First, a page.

Kentucky Flooding

At least 37 deaths reported since July 26 from storm cluster


A deadly storm system that hovered over Appalachian hills and low-lying areas of Eastern Kentucky beginning July 26 continues to leave terrible damage to property and citizens more than a week later.


At least 37 deaths have been reported since the storm hit, a number that is expected to continue to rise, as bodies have been found regularly during clean-up and relief efforts and at least hundreds are still reported missing.



The term "training thunderstorms" has been used to describe the natural disaster—a version of multi-cell storm clusters that successively rain on the same area. "There are many times where the individual cell moves downstream but addition cells forming on the upwind side of the cluster and move directly over the path of the previous cell," according to the National Weather Service. "The term for this type of pattern when viewed by radar is 'training echoes'. Training thunderstorms produce tremendous rainfall over relatively small areas leading to flash flooding."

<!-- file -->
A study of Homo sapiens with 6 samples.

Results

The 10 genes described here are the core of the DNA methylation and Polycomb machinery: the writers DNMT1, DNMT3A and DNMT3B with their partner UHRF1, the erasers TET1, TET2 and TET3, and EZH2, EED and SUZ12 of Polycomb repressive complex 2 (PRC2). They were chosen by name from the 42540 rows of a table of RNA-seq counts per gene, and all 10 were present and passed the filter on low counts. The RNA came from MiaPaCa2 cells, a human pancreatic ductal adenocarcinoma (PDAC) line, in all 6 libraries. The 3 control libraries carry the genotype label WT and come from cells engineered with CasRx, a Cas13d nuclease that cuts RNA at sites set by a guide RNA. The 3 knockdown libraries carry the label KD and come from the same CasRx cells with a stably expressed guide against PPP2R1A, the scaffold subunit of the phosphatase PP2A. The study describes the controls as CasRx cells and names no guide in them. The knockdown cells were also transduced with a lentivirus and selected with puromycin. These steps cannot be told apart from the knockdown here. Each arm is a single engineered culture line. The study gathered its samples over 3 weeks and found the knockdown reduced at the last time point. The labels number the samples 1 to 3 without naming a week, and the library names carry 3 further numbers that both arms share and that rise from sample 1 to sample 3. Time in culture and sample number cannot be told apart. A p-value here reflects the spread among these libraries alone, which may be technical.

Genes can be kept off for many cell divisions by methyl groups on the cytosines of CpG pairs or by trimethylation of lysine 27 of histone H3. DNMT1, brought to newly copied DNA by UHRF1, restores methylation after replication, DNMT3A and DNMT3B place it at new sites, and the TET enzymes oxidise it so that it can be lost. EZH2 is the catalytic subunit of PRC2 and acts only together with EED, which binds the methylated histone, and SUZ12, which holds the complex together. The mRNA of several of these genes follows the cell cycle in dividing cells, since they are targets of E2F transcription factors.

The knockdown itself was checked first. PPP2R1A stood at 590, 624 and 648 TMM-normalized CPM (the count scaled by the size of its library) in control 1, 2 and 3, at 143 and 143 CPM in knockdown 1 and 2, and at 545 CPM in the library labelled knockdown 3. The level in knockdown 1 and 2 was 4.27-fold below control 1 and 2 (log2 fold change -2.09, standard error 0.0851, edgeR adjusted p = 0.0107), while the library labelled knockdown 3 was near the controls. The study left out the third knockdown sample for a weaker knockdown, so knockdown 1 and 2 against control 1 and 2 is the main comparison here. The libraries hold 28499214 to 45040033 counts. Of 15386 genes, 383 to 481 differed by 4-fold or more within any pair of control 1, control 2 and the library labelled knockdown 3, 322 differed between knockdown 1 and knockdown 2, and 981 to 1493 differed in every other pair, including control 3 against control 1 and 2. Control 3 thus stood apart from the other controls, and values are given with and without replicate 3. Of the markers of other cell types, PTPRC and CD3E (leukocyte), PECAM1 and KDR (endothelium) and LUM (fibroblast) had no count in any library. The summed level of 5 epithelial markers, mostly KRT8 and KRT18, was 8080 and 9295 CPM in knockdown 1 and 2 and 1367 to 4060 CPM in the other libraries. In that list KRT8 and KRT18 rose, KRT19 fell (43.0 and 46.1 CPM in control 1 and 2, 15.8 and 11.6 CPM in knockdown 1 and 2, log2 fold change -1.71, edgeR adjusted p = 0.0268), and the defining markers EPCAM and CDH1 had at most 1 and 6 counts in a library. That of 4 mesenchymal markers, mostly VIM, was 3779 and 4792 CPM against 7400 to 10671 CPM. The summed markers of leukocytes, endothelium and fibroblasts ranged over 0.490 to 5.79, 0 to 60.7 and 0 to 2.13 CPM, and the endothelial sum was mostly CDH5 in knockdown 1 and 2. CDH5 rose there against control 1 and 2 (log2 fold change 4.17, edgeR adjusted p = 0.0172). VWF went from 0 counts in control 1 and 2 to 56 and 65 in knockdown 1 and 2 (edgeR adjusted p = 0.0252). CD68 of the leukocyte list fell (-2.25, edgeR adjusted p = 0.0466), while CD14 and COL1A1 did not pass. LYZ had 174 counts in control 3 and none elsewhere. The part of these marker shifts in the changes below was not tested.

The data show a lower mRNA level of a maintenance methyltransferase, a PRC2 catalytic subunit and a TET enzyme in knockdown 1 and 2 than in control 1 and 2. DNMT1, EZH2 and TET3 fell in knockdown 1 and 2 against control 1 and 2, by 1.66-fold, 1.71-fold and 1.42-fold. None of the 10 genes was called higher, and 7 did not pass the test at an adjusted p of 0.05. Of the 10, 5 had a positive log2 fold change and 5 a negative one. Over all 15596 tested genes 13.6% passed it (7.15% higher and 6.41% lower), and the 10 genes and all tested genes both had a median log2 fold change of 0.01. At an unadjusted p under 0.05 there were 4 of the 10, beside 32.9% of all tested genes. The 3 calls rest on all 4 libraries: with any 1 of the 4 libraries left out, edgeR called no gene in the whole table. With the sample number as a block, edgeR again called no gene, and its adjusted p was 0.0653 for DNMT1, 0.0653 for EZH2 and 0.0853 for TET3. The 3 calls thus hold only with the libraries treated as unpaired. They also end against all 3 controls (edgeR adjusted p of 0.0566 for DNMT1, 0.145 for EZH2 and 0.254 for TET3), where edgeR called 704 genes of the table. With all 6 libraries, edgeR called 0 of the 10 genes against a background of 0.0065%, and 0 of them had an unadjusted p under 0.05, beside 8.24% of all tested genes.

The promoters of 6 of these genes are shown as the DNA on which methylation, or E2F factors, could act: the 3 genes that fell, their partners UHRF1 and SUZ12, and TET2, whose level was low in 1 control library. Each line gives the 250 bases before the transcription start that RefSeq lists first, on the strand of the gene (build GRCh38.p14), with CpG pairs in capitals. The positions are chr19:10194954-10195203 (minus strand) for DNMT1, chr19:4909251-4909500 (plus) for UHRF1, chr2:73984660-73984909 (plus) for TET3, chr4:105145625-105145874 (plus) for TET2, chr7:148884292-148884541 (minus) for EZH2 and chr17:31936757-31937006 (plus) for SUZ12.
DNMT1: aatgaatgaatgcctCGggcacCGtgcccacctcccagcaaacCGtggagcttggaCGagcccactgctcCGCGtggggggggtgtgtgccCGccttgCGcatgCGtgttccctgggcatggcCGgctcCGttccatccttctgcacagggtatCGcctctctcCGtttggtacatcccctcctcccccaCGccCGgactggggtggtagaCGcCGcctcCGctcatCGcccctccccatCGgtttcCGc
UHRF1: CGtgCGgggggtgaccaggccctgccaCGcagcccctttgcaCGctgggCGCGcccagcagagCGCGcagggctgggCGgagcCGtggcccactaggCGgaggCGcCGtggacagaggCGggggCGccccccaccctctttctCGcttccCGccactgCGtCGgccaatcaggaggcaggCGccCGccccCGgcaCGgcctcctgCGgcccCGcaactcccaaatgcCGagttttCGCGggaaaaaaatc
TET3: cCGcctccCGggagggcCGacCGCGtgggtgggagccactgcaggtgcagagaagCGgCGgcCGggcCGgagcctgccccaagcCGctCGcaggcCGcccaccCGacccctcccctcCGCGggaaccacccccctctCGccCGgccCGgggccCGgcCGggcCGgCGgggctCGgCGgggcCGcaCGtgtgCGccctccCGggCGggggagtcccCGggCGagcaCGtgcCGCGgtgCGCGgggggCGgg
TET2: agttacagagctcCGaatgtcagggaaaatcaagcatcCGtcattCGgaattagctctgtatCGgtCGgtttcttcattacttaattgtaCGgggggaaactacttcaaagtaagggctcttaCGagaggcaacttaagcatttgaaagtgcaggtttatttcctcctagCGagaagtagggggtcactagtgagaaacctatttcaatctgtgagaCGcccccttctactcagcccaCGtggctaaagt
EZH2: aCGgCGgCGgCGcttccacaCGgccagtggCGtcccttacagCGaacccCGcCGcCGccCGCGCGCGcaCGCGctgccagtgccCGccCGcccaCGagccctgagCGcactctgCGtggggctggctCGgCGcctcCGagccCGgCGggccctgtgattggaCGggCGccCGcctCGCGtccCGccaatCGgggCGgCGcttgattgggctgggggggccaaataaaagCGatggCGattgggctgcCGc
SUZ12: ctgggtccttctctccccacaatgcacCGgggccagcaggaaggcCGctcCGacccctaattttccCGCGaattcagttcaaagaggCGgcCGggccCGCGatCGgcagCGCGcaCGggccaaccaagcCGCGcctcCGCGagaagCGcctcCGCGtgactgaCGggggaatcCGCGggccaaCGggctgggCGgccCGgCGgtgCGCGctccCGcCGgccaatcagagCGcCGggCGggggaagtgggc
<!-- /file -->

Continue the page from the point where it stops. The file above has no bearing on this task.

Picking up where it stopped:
That was one ingredient of a catastrophic recipe in the recent Kentucky situation; the other was topography. The Appalachian mountains and a small floodplain for the North Fork of the Kentucky River converge in Eastern Kentucky, forming what meteorologists and scientists called "a very bisected" area where steep hills are numerous, allowing for houses to be built only in certain flat spots. This led to towns like Whitesburg (47-year high), Jackson (95-year highs), Pikeville, and others being hit especially hard, multiple times, with record rainfall and flood levels.


Buildings and roads are flooded after heavy rainfall triggered widespread and devastating flooding in Garrett, Ky., on Thursday, July 28, 2022. Ryan C. Hermens, Lexington Herald-Leader photo.


Kentucky Governor Andy Beshear established the Team Eastern Kentucky Flood Relief Fund to assist those impacted by the floods, which you can contribute to here. All donations to the Team Eastern Kentucky Flood Relief Fund are tax-deductible and donors will receive a receipt for tax purposes after donating.


Electrical Apparatus would like to extend our thoughts and prayers to all those affected by these events.